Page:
Original reports from Washington
27 October 2008
Khmer audio aired 26 October (1.54MB) – Listen (MP3)
Sen. John McCain, the US presidential candidate for the Republican Party, has found wide support among Cambodians in the US, thanks to his Vietnam War record and the perception that he understands US-Cambodian policy.
In interviews from California to Virginia, US-Cambodians say they will choose McCain over his Democratic competitor, Barack Obama, when the presidential race comes to a close Nov. 4.
Kim Narin, who lives in Long Beach, Calif., said he believed McCain stood by his word.
“He does not just open a book and copy from a book,” he said. “I also belive that McCain is an honest person and has strong experience in the economy, national defense and foreign affairs.”
Hong Sovan Hang, who lives in Minnesota, said he was impressed with McCain’s time as a pilot in the Vietnam War, as well as his knowledge of Cambodian issues.
“I think Sen. John McCain knows Cambodia more, and I hope that he might have a foreign policy that could pay attention to Cambodian issues,” he said. “So I think I will vote for McCain. I also think that McCain has enough experience and is ready to lead the country based on his long-term experience in the Senate.”
The run-up to the presidential election has been a long one, and many voters have had time to change their minds along the way.
Kuch Chanly, who lives in Maryland, said he had weighed many times whether to vote for McCain or Obama. The eight years under President George W. Bush that had weakened the US economy and been an “embarrassment,” he said.
Nuch Vohar, who lives in Shanghai, China, said that even from so far away, and with the ability to vote by absentee ballot, he trusted the Republican Party to keep its policies and promises.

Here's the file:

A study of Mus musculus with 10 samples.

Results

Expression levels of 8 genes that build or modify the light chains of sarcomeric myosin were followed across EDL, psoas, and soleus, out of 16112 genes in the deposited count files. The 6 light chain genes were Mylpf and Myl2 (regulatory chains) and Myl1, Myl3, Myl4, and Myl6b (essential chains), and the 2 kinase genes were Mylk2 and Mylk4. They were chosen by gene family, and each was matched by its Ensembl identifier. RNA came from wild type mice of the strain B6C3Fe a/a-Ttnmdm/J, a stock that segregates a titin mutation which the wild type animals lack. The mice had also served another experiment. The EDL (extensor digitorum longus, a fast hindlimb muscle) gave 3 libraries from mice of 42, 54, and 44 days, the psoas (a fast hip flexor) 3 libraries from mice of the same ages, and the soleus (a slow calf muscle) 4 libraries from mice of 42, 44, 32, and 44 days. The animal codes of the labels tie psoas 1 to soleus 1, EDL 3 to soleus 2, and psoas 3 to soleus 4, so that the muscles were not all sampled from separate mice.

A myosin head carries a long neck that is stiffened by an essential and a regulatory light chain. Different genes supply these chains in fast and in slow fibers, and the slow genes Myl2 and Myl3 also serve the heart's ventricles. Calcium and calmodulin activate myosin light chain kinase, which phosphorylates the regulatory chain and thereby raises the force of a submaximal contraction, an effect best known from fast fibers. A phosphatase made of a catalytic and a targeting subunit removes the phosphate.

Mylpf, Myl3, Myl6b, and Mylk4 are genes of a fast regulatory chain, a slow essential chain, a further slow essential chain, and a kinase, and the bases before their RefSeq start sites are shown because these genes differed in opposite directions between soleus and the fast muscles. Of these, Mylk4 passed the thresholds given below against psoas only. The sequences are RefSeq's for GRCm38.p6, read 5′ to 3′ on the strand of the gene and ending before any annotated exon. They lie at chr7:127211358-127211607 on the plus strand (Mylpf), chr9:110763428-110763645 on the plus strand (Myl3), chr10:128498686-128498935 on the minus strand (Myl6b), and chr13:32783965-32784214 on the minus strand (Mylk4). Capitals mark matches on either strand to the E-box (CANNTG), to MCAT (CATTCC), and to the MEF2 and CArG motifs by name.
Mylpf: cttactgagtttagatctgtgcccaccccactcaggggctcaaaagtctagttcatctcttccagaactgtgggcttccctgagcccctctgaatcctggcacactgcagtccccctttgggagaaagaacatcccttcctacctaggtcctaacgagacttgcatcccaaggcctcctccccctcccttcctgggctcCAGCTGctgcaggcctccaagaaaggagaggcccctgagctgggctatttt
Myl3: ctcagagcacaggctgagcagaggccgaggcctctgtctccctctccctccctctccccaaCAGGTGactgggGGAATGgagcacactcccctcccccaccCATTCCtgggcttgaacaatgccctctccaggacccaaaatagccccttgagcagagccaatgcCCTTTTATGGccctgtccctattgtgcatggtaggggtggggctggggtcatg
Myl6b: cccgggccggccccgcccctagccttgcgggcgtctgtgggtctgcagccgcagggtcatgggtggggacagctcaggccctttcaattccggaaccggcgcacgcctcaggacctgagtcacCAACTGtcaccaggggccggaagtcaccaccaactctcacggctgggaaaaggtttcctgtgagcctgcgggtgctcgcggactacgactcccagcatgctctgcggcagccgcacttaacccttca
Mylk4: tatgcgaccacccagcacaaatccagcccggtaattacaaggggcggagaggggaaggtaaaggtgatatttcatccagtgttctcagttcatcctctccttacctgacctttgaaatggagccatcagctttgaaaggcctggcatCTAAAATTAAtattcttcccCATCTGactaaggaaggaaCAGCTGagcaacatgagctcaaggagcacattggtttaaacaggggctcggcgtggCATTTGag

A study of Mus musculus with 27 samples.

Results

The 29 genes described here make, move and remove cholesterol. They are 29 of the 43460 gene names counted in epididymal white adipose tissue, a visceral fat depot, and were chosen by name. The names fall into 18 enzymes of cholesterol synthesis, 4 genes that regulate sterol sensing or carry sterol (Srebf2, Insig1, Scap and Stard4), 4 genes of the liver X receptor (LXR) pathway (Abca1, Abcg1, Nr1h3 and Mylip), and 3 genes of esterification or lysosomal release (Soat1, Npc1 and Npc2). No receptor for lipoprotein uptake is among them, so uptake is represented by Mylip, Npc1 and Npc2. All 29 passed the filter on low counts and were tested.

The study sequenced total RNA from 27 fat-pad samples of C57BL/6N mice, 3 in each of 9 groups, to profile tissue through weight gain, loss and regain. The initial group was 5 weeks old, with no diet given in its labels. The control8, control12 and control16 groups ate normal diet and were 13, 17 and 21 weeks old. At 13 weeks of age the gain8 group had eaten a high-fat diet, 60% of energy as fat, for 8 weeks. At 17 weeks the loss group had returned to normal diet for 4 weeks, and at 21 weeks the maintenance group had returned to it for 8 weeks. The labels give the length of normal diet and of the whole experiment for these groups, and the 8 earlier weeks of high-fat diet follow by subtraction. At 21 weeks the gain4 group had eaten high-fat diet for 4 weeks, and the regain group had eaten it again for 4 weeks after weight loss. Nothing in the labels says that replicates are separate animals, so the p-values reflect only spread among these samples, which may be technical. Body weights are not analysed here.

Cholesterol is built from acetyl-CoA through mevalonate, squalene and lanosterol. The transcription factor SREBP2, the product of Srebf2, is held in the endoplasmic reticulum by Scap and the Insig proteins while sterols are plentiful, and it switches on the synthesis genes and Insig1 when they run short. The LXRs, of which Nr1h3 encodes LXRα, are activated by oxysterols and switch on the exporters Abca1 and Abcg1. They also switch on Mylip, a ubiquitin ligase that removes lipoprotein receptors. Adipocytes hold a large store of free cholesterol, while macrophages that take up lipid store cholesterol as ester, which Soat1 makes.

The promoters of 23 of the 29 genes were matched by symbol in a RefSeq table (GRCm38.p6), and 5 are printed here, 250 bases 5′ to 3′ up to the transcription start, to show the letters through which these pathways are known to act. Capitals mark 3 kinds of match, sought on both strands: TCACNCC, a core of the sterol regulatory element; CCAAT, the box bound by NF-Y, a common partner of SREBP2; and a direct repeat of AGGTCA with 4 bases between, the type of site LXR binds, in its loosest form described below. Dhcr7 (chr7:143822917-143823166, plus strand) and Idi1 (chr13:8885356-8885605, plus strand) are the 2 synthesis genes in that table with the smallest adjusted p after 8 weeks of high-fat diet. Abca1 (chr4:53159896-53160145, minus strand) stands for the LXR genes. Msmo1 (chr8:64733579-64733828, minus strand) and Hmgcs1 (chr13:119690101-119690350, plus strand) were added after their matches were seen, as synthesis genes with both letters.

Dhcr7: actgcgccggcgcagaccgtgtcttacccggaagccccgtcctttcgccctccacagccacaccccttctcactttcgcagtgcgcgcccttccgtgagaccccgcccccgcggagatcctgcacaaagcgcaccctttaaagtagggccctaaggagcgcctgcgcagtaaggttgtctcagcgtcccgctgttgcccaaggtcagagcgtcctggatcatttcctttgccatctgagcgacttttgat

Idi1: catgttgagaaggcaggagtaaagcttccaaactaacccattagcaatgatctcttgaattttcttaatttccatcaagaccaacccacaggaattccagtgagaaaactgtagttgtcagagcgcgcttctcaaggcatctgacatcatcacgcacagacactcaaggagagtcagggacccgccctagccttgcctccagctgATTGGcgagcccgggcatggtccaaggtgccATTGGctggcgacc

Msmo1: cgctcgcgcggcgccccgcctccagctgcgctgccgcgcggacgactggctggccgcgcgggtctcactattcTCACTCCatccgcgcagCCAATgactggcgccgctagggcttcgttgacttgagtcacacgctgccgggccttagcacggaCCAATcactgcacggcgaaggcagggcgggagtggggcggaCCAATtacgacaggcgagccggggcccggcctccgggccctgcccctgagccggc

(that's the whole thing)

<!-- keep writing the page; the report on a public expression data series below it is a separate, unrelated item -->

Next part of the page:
Pen Pere, who lives in Lowell, Mass., said McCain deserved to be the US commander-in-chief, thanks to his military experience.
“I think it is suitable for me to vote for McCain because he helps mortgages and small busineses,” Pen Pere said. “It there are no small businesses, the country’s economy cannot improve or progress. If we only help normal people who do not have small businesses, such as welfare people, then the country can’t progress.”
In Fresno, Calif., Sereyvuth Var, a liaison of the Community and Family Engagement Network to school districts in the town, said he supported McCain on his stance on the Iraq war.
“I don’t want the US to bring their troops home like they did to Vietnam and Cambodia,” he said.
Fresno restaurateur Piseth Sam said he was voting for McCain on the economy.
“I don’t like Obama’s policy on tax cuts,” he said.
A retiree and former soldier, Yath Yim, said he would vote for McCain because of his war recorder. McCain was “a commander, and he will help Cambodia,” Yath Yim said.
Not every US-Cambodian, however, supported McCain.
Setha Nhim, who works at a county office for education, said he would vote for Obama.
“He has a good policy on education,” he said, “and he cares about the US more than the war in Iraq.”